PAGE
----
Active‐Source Seismic Tomography at the Brady Geothermal Field, Nevada, with Dense Nodal and Fiber‐Optic Seismic Arrays
Induced Seismicity Characterization during Hydraulic‐Fracture Monitoring with a Shallow‐Wellbore Geophone Array and Broadband Sensors
Long‐Period Long‐Duration Events Detected by the IRIS Community Wavefield Demonstration Experiment in Oklahoma: Tremor or Train Signals?
Structure of the Northern Los Angeles Basins Revealed in Teleseismic Receiver Functions from Short‐Term Nodal Seismic Arrays
Imaging the Topography of Crust–Mantle Boundary from a High‐Density Seismic Array beneath the Middle‐Lower Yangtze River, Eastern China
Reflections from the Inner Core Recorded during a Regional Active Source Survey: Implications for the Feasibility of Deep Earth Studies with Nodal Arrays
Upper‐Crustal Shear‐Wave Velocity Structure of the South‐Central Rio Grande Rift above the Socorro Magma Body Imaged with Ambient Noise by the Large‐ Sevilleta Seismic Array
The Namche Barwa Temporary Seismic Network (NBTSN) and Its Application in Monitoring the 18 November 2017 M 6.9 Mainling, Tibet, China, Earthquake
Seismological Constraints on the Source Mechanism of the Damaging Seismic Event of 21 August 2017 on Ischia Island (Southern Italy)
The 2016 6.5 Pidie Jaya, Aceh, North Sumatra, Earthquake: Reactivation of an Unidentified Sinistral Fault in a Region of Distributed Deformation
Measurement and Interpretation Uncertainty in Site Response of Nine Seismic Network Stations in Israel
The Mexican Earthquake Source Parameter Database: A New Resource for Earthquake Physics and Seismic Hazard Analyses in Mexico
The Source‐Specific Station Term and Waveform Cross‐Correlation Earthquake Location Package and Its Applications to California and New Zealand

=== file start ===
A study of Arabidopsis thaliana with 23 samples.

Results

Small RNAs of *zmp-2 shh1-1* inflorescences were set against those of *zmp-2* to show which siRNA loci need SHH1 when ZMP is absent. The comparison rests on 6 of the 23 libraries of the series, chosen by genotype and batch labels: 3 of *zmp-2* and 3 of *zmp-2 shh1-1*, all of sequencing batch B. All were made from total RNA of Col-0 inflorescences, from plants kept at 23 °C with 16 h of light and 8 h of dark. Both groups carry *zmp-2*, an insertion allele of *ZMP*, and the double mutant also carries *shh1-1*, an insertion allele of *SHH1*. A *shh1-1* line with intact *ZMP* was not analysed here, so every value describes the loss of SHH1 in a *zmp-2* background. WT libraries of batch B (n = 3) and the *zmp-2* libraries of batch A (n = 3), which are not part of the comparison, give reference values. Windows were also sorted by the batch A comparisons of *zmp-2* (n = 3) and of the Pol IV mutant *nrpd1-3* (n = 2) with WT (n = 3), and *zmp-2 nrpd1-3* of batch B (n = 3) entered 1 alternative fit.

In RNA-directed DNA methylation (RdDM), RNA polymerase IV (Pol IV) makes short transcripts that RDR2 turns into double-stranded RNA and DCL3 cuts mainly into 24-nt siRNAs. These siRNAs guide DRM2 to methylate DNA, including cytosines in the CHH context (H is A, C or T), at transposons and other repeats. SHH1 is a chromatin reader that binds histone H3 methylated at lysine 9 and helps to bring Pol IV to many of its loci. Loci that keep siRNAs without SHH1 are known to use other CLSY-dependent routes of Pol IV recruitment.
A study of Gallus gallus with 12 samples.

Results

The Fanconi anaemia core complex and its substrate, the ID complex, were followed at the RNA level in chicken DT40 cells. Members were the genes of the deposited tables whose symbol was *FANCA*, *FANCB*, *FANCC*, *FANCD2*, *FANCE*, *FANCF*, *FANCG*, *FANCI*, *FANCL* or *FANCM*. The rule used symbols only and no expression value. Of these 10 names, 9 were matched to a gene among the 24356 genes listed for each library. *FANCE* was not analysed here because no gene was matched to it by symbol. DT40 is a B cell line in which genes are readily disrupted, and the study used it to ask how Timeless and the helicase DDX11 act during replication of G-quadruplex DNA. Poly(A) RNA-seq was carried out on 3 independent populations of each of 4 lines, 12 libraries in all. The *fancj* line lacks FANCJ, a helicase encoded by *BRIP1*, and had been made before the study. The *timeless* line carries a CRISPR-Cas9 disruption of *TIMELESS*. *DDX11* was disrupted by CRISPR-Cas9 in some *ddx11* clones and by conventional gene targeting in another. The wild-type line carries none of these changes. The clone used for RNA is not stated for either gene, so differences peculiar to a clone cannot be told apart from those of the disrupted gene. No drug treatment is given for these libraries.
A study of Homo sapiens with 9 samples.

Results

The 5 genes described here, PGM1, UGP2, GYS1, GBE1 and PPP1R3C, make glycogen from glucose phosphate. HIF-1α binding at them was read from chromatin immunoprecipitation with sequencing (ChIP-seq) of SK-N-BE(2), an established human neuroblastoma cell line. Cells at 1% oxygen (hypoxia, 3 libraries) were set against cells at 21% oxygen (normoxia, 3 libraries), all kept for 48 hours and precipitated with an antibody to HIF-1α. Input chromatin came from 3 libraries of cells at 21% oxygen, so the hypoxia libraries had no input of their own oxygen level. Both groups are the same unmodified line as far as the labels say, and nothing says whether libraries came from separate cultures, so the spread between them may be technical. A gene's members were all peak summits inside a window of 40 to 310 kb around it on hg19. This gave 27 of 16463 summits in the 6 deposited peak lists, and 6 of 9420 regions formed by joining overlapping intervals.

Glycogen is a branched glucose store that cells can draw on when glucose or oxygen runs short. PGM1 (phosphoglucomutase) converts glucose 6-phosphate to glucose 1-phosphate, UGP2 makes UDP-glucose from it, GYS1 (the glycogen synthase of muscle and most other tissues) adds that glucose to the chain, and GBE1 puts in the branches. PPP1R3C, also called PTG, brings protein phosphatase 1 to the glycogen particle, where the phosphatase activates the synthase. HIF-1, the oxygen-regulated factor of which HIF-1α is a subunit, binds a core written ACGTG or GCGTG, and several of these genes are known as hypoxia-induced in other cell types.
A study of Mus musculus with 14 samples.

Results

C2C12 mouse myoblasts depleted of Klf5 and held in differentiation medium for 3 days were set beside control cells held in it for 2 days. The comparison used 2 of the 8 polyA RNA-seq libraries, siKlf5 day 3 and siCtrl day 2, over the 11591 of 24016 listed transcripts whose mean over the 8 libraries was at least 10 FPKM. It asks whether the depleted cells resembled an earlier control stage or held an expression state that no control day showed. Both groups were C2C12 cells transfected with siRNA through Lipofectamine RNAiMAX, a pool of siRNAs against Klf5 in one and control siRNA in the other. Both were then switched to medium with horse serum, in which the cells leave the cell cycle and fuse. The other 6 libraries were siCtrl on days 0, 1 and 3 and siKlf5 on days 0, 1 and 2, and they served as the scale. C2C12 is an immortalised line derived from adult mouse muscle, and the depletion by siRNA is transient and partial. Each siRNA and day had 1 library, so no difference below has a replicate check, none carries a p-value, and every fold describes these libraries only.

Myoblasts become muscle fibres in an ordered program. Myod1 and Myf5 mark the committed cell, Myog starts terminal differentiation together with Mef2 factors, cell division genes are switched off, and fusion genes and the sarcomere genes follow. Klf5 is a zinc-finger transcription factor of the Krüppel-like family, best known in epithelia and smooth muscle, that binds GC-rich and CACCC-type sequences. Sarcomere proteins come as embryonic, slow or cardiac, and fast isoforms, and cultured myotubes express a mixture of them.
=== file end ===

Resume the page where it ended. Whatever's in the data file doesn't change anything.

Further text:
SSA ANNUAL MEETING REPORT
SSA ANNUAL MEETING ANNOUNCEMENT
Discriminating between Low‐Magnitude Shallow Earthquakes and Road Construction Blasts near Big Salmon River, New Brunswick, Canada
Front: Stand-alone geophones have been used for decades within the active-source seismic community, but recent technological advances in geophone instrumentation have made it possible to use them for a wide range of passive seismic studies as well. The SRL Focus Section on Geophone Array Seismology (this issue) comprises 13 articles that present investigations into geophone instrumentation, active-source imaging and explosion physics, local seismicity and aftershocks monitoring, and receiver function and ambient noise imaging with dense arrays. Shown here are a deployment of nodal seismometers in Salt Lake City with seven collocated pairs of surface and buried nodes (red circles) with different gain settings (lower left, from Farrell et al., this issue); horizontal shake-table tests for a sensor (upper right, from Ringler et al., this issue); as well as a student preparing a hole for installation of a node (upper left) and students orienting a three-component 5 Hz node during installation at a gradiometer site (lower right), both from Sweet et al. (this issue).
Back: In 2016, students from the geology department at Leicester University used simple low-frequency geophones and low-cost seismic dataloggers set up in a primary school and a local museum to record crowd-induced vibrations at King Power Stadium, home of the Leicester City Football Club, a professional soccer team in the English Premier League. Clear signals were detected every time the home team scored a goal, which students dubbed “Vardyquakes” on social media after the team’s star striker, Jamie Vardy. After a student-led social media campaign, the story went viral in the mainstream media. Denton et al. (this issue) documents the project and notes that its real success was in finding an engaging and reliable tool for encouraging university students to participate in seismologyrelated outreach activities with younger local students and their community.